The Board of Education of Anne Arundel County voted Wednesday to pass a redistricting plan that will redraw boundaries at 48 of the 58 schools in the northern part of the county.
The only difference between the two proposed plans was that the one selected will allow only upcoming seniors to have the option to stay at their original schools, whereas the defeated option would have extended that choice to juniors as well. Option one passed in a five-to-three vote.
“When I started this job Aug 8, 2022, I had no idea that one of the undertakings that I had to engage in would be to come in and focus on redistricting a district of this size,” said Superintendent Mark Bedell before the board voted. “One of the things the board asked of me as superintendent was that they wanted full transparency, context, and they wanted to not surprise the community.”
Due to these requests, the board made an effort to keep the district apprised of its plan. AACPS created an online tool used to show residents the redistricting map and field concerns. Members of the board also went into communities to hear issues voiced by residents and opened the floor to them during meetings.
“There’s no perfect model,” Bedell said. “I think we’ve come as close as we possibly can to a model that we think makes the most sense for the greater good of the school district.”
Bedell proposed a redistricting plan in July. About 6,400 students will be affected.
“I’m currently struggling with the concern for our juniors if we were to go with option one,” school board member for District 4 Melissa Ellis said during the meeting at Annapolis’ Parham Building. “I know how crucial that [junior] year is.”
Ellis said she was worried about the upcoming juniors being able to develop leadership roles and participate in school activities. Those students will also be separated from relationships they’d cultivated with teachers and counselors who could help them with letters of recommendation.
“I’m hoping that if option one passes, there will be an update down the road that will help address those concerns for certain juniors more specifically,” Ellis added.
All the board members voiced their opinions before Michelle Corkadel, the school board member representing District 7, suggested the board use rank-choice voting rather than just a simple yes or no.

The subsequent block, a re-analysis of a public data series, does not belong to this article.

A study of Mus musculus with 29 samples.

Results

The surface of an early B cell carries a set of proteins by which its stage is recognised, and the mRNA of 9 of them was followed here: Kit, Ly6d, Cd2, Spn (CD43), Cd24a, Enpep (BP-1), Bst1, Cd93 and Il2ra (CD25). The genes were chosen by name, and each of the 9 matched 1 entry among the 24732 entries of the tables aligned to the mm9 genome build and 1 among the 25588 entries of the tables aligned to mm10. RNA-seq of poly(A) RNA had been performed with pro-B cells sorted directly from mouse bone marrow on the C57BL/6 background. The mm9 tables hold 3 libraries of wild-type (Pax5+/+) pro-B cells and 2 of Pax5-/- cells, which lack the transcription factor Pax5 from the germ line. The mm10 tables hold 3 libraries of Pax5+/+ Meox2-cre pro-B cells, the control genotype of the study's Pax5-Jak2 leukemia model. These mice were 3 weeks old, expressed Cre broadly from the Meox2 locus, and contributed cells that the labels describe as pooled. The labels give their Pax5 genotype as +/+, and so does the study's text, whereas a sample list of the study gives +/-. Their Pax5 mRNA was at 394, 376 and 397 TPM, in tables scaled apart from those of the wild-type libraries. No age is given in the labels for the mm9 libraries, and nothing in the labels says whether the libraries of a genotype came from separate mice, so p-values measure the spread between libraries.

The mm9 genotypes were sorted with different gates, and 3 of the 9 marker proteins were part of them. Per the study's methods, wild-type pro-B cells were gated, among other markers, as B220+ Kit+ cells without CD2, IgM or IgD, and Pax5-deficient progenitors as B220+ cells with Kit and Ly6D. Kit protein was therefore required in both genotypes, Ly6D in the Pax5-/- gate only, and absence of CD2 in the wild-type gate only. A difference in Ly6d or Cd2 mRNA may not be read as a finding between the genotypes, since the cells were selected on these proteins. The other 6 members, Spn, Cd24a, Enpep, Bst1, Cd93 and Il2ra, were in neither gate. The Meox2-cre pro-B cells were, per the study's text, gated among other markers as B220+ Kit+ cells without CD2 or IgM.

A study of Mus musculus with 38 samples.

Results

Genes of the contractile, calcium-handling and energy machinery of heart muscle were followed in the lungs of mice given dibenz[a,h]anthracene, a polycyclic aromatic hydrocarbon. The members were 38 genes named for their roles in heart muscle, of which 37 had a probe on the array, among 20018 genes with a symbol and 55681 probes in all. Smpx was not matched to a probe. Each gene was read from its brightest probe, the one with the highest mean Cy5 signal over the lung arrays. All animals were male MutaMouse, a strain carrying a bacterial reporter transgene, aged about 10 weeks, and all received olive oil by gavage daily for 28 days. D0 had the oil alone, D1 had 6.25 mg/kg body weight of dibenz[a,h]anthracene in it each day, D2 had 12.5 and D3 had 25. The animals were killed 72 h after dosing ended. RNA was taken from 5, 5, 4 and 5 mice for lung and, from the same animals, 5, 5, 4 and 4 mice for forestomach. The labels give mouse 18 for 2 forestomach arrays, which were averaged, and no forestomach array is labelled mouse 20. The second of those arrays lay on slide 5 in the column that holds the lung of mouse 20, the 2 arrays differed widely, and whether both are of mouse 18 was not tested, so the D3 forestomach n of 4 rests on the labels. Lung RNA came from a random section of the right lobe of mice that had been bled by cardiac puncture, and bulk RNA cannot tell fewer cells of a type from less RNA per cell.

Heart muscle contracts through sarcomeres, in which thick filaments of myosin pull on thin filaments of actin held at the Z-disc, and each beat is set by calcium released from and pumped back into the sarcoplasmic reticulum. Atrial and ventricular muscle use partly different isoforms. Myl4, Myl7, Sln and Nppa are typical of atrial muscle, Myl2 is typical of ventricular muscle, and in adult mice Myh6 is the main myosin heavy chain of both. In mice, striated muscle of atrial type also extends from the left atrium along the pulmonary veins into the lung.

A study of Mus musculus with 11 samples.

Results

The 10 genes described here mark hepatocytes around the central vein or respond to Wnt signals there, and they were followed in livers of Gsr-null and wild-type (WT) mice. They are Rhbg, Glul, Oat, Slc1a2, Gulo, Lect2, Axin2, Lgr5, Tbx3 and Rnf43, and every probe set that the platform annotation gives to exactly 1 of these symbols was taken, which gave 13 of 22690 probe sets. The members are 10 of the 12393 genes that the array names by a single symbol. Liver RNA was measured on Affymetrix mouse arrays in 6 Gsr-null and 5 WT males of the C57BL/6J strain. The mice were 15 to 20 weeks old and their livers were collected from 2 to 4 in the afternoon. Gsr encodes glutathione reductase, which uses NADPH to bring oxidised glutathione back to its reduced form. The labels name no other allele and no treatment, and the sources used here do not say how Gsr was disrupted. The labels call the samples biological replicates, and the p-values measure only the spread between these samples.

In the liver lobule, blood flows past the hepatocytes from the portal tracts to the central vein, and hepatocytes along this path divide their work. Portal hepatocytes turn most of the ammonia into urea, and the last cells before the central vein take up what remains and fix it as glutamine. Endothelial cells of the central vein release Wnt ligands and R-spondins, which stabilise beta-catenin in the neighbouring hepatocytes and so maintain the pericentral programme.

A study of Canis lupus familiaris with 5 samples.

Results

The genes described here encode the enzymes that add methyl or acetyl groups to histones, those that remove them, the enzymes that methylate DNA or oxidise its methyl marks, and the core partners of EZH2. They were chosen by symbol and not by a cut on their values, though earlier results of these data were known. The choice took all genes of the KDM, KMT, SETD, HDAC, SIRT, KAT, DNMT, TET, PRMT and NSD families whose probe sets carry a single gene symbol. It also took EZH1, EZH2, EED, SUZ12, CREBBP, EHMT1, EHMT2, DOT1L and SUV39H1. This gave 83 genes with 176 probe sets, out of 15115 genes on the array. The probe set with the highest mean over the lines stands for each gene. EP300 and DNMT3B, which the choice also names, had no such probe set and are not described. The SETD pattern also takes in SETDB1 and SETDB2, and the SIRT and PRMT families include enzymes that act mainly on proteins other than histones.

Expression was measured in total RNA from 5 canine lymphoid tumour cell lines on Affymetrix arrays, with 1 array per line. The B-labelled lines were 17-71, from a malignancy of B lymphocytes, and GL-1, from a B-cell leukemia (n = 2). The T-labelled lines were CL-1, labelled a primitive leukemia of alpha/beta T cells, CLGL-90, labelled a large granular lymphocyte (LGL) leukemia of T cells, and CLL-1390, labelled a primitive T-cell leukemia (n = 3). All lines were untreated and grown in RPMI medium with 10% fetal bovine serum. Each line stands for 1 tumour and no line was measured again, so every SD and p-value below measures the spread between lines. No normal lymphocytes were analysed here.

“Rank-choice voting has been used in the past, and I believe it ensures a warm resolve,” she said. “I would rather do that than just a single motion.”
The board agreed to this and, after a brief recess, voted five to three to move forward with option one of the plan.
The five members who voted for option one were School Board President Joanna Bache Tobin, Vice President Robert Silkworth, Corkadel, Dana Schallheim of District 5 and Student Member Eric Lin.
Lin said the decision was “between my heart and my mind. My heart is with the juniors, but my head sees option one as having the overall greater good.”
Ellis, Gloria Dent of District 1 and Corine Frank of District 3 preferred option two.
“The facts are that we have schools well over capacity and some schools far below their capacity,” Silkworth said. “This not only impacts the education of so many of our students, but it impacts the ability of our county officials to provide much-needed resources outside of the realm of education. Redistricting is a must, and change can be difficult. Option one allows us to accomplish what we want to accomplish, and the other option may not.”
Phase one of redistricting examines the northern county areas that feed into Chesapeake, Glen Burnie, Meade, North County, Northeast and Old Mill high schools. Boundaries for two new schools, Old Mill West High School and West County Elementary School, both set to be completed next year, also will be drawn as part of the redistricting process.
Overall, the plan leaves only 15 schools with a capacity between 90% and 100% and zero “overutilized” schools, those that have reached 100% capacity or greater.
If the school system hadn’t pursued a redistricting plan, the northern part of the county would have 27 schools that would reach state-rated capacity in the next 10 years, according to AACPS spokesperson Bob Mosier. Seven of the northern county schools would have reached 100% of their capacity, and six would have reached over 110% capacity.